December 25, 2009
December 24, 2009
by Doug McGrew
Perhaps when you recall incidents of cultural property theft your mind dwells on incidents in Europe or major institutions within the United States. Along this same process you remember priceless works of art created from oil and canvass missing from those institutions. Your thought process would only be partially correct.
On November 10th 2009, the Heartland Chapter of the International Foundation for Cultural Property Protection organized a daylong seminar titled: Cultural Heritage at Risk, Art and Book Theft: Past, Present, Future. Nearly 100 attendees from the cultural property community around the state of Ohio and beyond attended this event organized by Douglas McGrew and hosted at The Ohio State University’s Wexner Center for the Arts.
The mission for this seminar was simple and unique. Change the perception on what others view as cultural property and change your personal networks. Invitations were sent to a wide base of professionals in the cultural property community. This was an intentional casting according to Doug McGrew and one he believes made this event a successful venture. “We deliberately invited curators, registrars, librarians, archivist, collectors and law enforcement professionals. We wanted them in the same room, sharing observations, meeting new folks outside of their traditional networks. At the end of the day, hopefully, the attendees gained a new understanding of what cultural property is and how to protect our heritage.”
To accomplish this mission featured speakers Noah Charney and Travis McDade were enlisted to share their research and efforts to protecting cultural assets. Professor Travis McDade with the University of Illinois shared findings with the group focusing on thefts of rare books and manuscripts. Thoughtfully Prof. McDade covered cases with connection to the Ohio area and particularly touching on individuals with ties to Columbus the host city for this seminar. Mr. Charney continued the event covering some well known cases but also provided valuable information on prevention and recommendations for improving current procedures within the attendee’s institutions.
The speaking portion of the day was concluded with a roundtable discussion with McDade and Charney. Joining this discussion were:
· Patrick Maughan – former director of security the Ohio State University
· John Kleberg – former director of the Department of Public Safety, the Ohio State University
· Paul Denton – current chief of police, the Ohio State University
The roundtable provided expertise from all sides of the cultural property community, demonstrating the need to have a diverse professional network. After sharing their professional experiences creating, administering and protecting cultural property the entire panel received questions from the guest. The event concluded with the screening of the documentary The Rape of Europa.
Post mortem discussions have been very fruitful and the positive feedback received from participants has been overwhelming. Planning is currently underway for the next installment of what will become a series of events under the Cultural Heritage at Risk banner.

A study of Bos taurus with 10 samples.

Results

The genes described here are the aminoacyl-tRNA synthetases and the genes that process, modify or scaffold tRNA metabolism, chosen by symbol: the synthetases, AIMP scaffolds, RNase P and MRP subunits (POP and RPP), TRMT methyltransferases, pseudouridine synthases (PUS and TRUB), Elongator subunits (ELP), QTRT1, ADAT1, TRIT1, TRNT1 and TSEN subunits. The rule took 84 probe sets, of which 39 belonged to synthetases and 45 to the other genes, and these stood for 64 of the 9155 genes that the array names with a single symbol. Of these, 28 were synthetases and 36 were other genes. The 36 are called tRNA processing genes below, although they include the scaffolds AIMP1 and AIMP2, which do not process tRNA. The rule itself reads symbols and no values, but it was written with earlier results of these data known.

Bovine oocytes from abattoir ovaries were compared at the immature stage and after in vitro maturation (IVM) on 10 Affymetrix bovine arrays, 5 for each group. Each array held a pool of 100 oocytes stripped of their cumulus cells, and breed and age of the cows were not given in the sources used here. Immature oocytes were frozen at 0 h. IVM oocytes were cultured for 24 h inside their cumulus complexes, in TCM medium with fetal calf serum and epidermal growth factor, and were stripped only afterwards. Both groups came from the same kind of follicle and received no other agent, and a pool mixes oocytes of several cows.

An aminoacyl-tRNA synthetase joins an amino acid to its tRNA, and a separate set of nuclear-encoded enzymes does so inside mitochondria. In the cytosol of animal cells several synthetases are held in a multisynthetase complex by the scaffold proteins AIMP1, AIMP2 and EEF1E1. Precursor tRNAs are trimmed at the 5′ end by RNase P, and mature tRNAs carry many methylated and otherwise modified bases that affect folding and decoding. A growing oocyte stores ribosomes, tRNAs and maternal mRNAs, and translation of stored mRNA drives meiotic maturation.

December 18, 2009
December 8, 2009
US Justice Department & Central Bureau of Interpol Rate Art Crime Third Highest-Grossing Criminal Trade and Links It To Organized Crime
- At a local level, most police are told to file stolen art with general stolen goods. This means that art thefts are lost among stolen property files and only those unusual or far-sighted police who set art thefts aside for filing, or choose to send files on to Interpol or national art police will be filed as art thefts, and can therefore be studied and constitute a portion of the national statistics.
- The legitimate market dollar value of artworks is a nebulous concept. One day a painting could be worth one million, another day two, another day seven-hundred thousand. It all depends on the stock market, the perceived demand of the art market for the object in question, the whims of a handful of individual collectors and museums. So to say that an artwork is worth X amount of money is untrue--it can only be stated that at one time this artwork, or a similar one, sold for X amount of money, and that this is the current best guess as to its value. Therefore it is useful only in terms of situating art crime at a general hierarchical level, and getting people to take it seriously.
- We know that reported art crimes represent only a fraction of the total number, the tip of the iceberg. Antiquities looted from the earth or the sea will only be discovered by happenstance, should an archaeologist or policeman happen upon a looted tomb in the wilderness, for instance. Even then, there is no way of knowing what was in the tomb to begin with, which is now stolen. Much fine art theft goes unreported, by museums which do not want to show their insecurity, by collectors who did not declare all of their collection to avoid luxury tax, by libraries or churches or archives that might not realize what is missing.